After reading the previous letter to the editor regarding the town of Black Mountain and its perceived noncompliance with state mandates adherent to the COVID-19 outbreak, I couldn’t help notice some discrepancies between the town manager’s denial of any such negligence and the concrete facts of the situation [“Goodbye, Old Friend,” July 8, Xpress].
Josh Harrold is mistaken when he claims that Black Mountain has been following, to the fullest extent, all mandates thus far enacted. I, personally, along with other residents here, have seen a number of government officials ignoring safeguards. These include, but are not limited to, patrolling police officers performing their duties without masks and clearly without any masks on standby for use, and officers walking into small, confined business places devoid of masks or any other such personal protective equipment. On one occasion, I actually witnessed, right on the town square, a small group of officers and firefighters standing around in close proximity, not one of them wearing a mask, gloves or anything else except their normal uniforms.
In fact, as was stated in the previous letter, the vast majority of businesses in the area are showing little to no acknowledgement of the necessity for safety modifications in order to mitigate the current health crisis. Specifically, one small business has just now installed a much needed protective sheath in a small, confined checkout area, only after months of the pandemic being in full swing. Still, the majority of clerks do not don masks or sanitize hands between customers. This behavior and attitude is more the rule than the exception and it has spread rampantly, much like the virus itself, into the consciousness of the local citizens. Conversations have ensued regarding this matter, and storekeepers are actually frightened to take decisive action against consumers who seem bent on violating the rights and safety of others. The proprietors fear unknown, quite possibly violent or at least equally aggressive and unreasonable retaliation if they were to enforce the mask requirements clearly listed upon entry.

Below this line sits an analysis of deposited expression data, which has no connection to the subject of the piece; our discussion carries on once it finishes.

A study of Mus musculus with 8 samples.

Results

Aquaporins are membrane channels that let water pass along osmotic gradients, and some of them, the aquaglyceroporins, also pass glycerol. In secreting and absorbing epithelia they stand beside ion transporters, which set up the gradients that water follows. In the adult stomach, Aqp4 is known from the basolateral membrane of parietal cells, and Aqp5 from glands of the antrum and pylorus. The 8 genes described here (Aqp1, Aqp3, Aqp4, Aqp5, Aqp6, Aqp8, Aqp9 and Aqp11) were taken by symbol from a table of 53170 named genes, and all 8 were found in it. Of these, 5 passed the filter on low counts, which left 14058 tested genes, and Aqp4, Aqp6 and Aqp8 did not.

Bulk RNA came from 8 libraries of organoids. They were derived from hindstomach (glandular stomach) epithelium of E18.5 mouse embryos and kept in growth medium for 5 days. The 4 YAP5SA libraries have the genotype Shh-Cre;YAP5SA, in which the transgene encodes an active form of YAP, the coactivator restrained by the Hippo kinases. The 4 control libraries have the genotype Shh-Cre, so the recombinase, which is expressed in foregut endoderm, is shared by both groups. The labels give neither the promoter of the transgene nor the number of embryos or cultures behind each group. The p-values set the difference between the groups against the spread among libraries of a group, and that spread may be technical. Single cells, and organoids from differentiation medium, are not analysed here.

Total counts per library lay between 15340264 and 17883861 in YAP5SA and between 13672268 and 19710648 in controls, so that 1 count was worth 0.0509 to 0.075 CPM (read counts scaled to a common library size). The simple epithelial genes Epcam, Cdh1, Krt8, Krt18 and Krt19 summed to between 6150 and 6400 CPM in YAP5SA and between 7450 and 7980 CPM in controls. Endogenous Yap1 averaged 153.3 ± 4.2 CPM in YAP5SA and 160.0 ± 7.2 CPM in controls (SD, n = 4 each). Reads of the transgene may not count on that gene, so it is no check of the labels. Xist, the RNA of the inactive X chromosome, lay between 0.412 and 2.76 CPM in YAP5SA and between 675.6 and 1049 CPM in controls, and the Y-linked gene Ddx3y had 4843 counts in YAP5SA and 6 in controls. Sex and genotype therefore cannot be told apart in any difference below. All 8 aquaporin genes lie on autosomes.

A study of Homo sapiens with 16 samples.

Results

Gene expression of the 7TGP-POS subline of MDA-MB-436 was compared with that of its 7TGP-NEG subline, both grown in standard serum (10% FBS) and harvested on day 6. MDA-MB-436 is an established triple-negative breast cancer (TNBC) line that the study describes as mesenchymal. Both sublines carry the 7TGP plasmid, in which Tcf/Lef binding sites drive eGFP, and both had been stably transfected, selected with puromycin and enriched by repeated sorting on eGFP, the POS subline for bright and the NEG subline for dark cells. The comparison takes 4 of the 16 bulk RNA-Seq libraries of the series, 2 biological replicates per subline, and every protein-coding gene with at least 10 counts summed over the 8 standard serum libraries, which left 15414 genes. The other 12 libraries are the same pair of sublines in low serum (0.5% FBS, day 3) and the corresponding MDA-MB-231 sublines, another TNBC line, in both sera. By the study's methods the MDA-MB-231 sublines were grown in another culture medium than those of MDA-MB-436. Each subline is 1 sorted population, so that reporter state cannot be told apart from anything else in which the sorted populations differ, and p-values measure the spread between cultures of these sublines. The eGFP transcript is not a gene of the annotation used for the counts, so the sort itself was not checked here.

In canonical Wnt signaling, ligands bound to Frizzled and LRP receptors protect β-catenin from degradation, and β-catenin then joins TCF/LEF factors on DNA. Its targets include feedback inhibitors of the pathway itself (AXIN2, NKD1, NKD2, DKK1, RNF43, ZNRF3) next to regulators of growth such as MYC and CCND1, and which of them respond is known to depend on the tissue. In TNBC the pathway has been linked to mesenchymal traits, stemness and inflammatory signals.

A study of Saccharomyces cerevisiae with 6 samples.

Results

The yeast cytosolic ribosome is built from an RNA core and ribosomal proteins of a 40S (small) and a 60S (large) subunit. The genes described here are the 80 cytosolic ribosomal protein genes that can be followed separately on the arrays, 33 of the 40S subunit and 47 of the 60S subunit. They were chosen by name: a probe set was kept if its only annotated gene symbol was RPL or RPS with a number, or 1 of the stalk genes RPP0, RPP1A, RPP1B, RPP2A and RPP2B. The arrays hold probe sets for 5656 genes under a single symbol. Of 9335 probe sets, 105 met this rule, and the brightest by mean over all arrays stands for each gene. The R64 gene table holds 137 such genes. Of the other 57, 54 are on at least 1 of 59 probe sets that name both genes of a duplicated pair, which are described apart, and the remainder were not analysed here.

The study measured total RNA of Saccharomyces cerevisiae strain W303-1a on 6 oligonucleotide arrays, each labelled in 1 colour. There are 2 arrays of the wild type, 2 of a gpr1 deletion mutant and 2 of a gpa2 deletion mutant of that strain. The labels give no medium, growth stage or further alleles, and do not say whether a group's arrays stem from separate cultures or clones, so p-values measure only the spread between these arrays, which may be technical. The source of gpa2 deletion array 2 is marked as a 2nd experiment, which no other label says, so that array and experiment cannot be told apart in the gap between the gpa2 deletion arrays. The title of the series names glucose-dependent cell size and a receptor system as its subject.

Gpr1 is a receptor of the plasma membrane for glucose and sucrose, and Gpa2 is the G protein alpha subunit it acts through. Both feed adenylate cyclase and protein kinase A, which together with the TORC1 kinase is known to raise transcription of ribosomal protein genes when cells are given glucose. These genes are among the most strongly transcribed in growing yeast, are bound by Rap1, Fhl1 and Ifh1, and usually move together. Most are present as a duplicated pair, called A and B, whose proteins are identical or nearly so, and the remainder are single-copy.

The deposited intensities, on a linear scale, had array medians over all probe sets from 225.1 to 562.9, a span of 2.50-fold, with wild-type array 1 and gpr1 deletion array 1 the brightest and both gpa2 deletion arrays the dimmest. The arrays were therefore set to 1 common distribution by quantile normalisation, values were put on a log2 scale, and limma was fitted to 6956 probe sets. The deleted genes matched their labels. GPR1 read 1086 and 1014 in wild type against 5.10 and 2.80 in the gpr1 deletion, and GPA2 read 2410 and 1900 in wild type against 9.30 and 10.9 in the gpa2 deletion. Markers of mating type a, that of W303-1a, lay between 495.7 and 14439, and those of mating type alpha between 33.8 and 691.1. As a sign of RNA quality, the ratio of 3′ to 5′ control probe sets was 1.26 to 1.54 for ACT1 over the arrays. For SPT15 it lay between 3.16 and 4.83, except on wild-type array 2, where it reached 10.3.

One notable exception has been Hopey & Co. of Black Mountain, whose owners and employees have, from the beginning, strictly followed all health and safety practices thus far enacted. Another is the Blue Ridge Biscuit Co., similarly compliant, among a few others. But again, this is, by far, the exception to the vast majority rule.
To be fair, the first responders, shopkeepers/vendors and law enforcement of Black Mountain are easily among the finest, friendliest and most fair-minded staples of the community that I’ve ever had the privilege of encountering.
Still, on a perhaps more administrative level, it is one thing to harbor disregard for the validity of this pandemic, but to contest such heedless resistance among one’s community is a more serious matter. For it could possibly infer a certain contempt for a large portion of humanity itself, nullifying any chance for further discourse or negotiation on the key issues at hand. During critical times such as these, before assuming or declaring a population to be in full accordance with safety guidelines, one must conduct a proper survey and inventory of their direct surroundings.
— George Bazley
Editor’s note: Xpress contacted Josh Harrold, Black Mountain’s town manager, and Black Mountain Police Chief Shawn Freeman, but they declined to offer a response.